Guidelines for brutalist web design


Originally published at:


As a user, I vastly prefer to scroll rather than click through pages. I don’t think advertisers will agree, though.



(nine character minimum, BOOOOO!)


I find the connection of these guidelines to Brutalism and architecture in general to be questionable. I guess no one would read it if it had a name that made more sense?

From Wikipedia:

Does that sound like these guidelines? Not especially. At most, there is a moral imperative in these guidelines to not use dark patterns, but that is not original to “Brutalist web design.” I think the author is trying too hard to make his ideas about web design appear to be something they aren’t.

That said, there are points in these guidelines that all web designers should take note of.


It also should be about giving visitors clear information with as little fuss and muss as possible. If you are you performing arts organization I want to know who is performing what, when. If you are a restaurant I want to see your menu, with prices. What I am not interested in is your bullshit branding.


I’m a sucker for the Helvetica headings. The body text defaults to Times New Roman on my system, which I prefer to Calisto. Maybe one too many point sizes? My graphic design teacher preached three or fewer on a page, and no more than two fonts.

As a side note, the documentary “Helvetica” is great if you’re into that sort of thing.


And this is why I read boingboing in blog view instead of whatever the current “magazine-ish” design is.


I also want to see your hours of operation. Pet peeve of mine.


I’m all for the semantic Web, standards compliance, and clean or minimalist design. I read BoingBoing articles via my RSS reader and regularly use Pocket to read articles stripped of all the cruft.

That said, it would be a daunting challenge to implement this on a wide scale at this stage in the Web’s history. The task would be made more difficult by the fact that most brutalist Web sites, like most Brutalist buildings, would be ugly and unfriendly (if not outright hostile) to the humans who have to spend time in and around them.


I also don’t want to load a damned poorly composed and massive PDF to see the menu, especially if there are no prices on it.

Or at least get them right. A restaurant near me opened up recently that I was interested in but that’s been constantly closed during hours posted on both their Google Business entry and their storefront. I’ve given up on them, mostly because that level of incompetence means they’ll be out of business within the year.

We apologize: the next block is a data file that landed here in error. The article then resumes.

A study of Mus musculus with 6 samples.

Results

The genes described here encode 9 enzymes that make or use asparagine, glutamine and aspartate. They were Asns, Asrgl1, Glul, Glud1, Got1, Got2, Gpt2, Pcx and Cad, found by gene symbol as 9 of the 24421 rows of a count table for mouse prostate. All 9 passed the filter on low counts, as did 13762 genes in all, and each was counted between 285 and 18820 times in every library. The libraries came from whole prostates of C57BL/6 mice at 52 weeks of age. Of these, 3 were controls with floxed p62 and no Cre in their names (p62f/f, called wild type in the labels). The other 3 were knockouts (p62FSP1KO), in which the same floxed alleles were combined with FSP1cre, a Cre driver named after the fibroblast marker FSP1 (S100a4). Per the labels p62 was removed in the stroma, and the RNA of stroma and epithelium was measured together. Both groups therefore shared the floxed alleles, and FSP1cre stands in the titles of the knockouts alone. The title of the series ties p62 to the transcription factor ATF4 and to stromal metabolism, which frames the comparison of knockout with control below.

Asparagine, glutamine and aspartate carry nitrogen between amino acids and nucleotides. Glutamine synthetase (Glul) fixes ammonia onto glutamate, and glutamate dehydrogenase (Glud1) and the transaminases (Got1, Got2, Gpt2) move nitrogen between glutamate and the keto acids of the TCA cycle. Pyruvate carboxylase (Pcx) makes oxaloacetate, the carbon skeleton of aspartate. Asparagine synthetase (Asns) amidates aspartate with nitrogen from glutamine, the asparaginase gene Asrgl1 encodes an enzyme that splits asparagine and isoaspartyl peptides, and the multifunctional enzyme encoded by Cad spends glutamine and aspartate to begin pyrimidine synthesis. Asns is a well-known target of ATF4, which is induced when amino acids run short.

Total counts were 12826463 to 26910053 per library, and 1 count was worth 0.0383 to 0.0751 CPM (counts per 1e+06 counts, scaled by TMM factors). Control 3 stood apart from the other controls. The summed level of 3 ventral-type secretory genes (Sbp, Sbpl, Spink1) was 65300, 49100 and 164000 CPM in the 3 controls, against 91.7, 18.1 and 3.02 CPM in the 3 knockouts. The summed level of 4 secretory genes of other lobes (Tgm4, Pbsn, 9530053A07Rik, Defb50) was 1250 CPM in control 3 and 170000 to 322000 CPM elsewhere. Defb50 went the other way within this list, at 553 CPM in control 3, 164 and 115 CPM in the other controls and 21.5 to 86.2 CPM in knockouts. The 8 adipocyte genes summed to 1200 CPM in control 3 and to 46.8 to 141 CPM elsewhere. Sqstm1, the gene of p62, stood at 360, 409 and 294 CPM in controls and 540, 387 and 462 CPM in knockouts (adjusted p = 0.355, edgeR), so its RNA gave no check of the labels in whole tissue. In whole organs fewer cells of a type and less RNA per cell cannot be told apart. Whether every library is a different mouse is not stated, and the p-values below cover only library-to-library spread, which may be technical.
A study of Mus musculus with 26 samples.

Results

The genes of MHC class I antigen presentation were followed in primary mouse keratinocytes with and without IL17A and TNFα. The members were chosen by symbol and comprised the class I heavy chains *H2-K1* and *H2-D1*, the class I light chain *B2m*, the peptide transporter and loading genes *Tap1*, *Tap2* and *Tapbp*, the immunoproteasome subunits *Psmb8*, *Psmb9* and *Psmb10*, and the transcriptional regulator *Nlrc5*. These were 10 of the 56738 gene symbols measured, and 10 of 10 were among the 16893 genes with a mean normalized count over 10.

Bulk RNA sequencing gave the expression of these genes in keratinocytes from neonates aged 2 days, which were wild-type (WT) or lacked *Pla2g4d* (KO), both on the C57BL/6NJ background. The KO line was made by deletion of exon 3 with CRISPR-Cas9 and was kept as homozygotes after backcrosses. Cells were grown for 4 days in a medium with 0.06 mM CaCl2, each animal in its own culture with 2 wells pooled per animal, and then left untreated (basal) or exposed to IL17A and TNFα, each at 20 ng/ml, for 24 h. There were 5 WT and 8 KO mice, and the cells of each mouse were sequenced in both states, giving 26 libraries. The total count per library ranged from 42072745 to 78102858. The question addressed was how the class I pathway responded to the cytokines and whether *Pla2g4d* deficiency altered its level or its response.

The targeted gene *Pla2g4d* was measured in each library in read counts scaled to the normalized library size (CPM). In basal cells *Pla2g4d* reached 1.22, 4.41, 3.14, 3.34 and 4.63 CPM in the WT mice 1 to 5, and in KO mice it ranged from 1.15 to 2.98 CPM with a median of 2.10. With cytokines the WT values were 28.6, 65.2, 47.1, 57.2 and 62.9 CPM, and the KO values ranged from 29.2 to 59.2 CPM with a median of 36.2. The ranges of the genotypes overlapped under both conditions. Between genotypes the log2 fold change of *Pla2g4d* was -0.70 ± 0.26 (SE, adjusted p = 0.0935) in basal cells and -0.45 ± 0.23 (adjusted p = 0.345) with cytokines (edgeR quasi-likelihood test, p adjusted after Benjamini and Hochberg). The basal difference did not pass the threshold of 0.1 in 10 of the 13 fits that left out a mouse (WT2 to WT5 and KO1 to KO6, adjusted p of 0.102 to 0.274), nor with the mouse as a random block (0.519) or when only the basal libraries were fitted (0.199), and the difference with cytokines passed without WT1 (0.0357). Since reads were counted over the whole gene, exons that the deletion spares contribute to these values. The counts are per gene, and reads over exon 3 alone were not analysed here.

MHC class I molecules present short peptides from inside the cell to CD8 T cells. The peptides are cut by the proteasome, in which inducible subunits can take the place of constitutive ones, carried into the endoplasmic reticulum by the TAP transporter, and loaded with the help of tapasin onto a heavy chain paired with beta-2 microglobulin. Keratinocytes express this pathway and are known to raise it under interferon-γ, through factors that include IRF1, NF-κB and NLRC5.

Also phone number, address, and business hours. Put this data on every page! Don’t make me navigate to the “Location” page.


I would have thought that Brutalist web design would advocate doing everything in JavaScript, because design should be as functional as possible.


I get irrationally angry whenever I see that stupid front page design. BoingBoing as been a blog since early 2000-2001(?) why the f’ would they mess with it?

Whoever decided that scrolling back until you’ve run across something you seen before was the wrong way to use a web site or service needs to be taken out back and beaten. I don’t care if it’s because of “graphic design” or a stupid algorithms to “increase engagement.” It’s pants on head stupid and it needs to stop.


I love this, except the hyperlink style is evidence against “underline hyperlinks” maxim. The hyperlink underline rendering reads as hy.perlinks.


Lol, I completely forgot the front page design still existed.


I think the moral seriousness implicit in web brutalism is left implicit here, but is ready to be assumed in fuller form. Web brutalism as the design vanguard of the general backlash against hostile and invasive tracking, bloated design, janky front-end frameworks, misbehaving ads, social graphing, and contemporary web awfulness in general.


Frankly, *steeples fingers*, blog view is for the weak.


There is also the environmental impact to consider. There is an energy cost to storing, rendering, and transmitting information. One website, on its own, has only a minimal effect. But the billions of web pages out there add up.


On Google maps/places/whatever it’s called, hours are often posted by users rather than the business owner. (Edit; which (at least when I’ve done it) are copied from their store front hours.)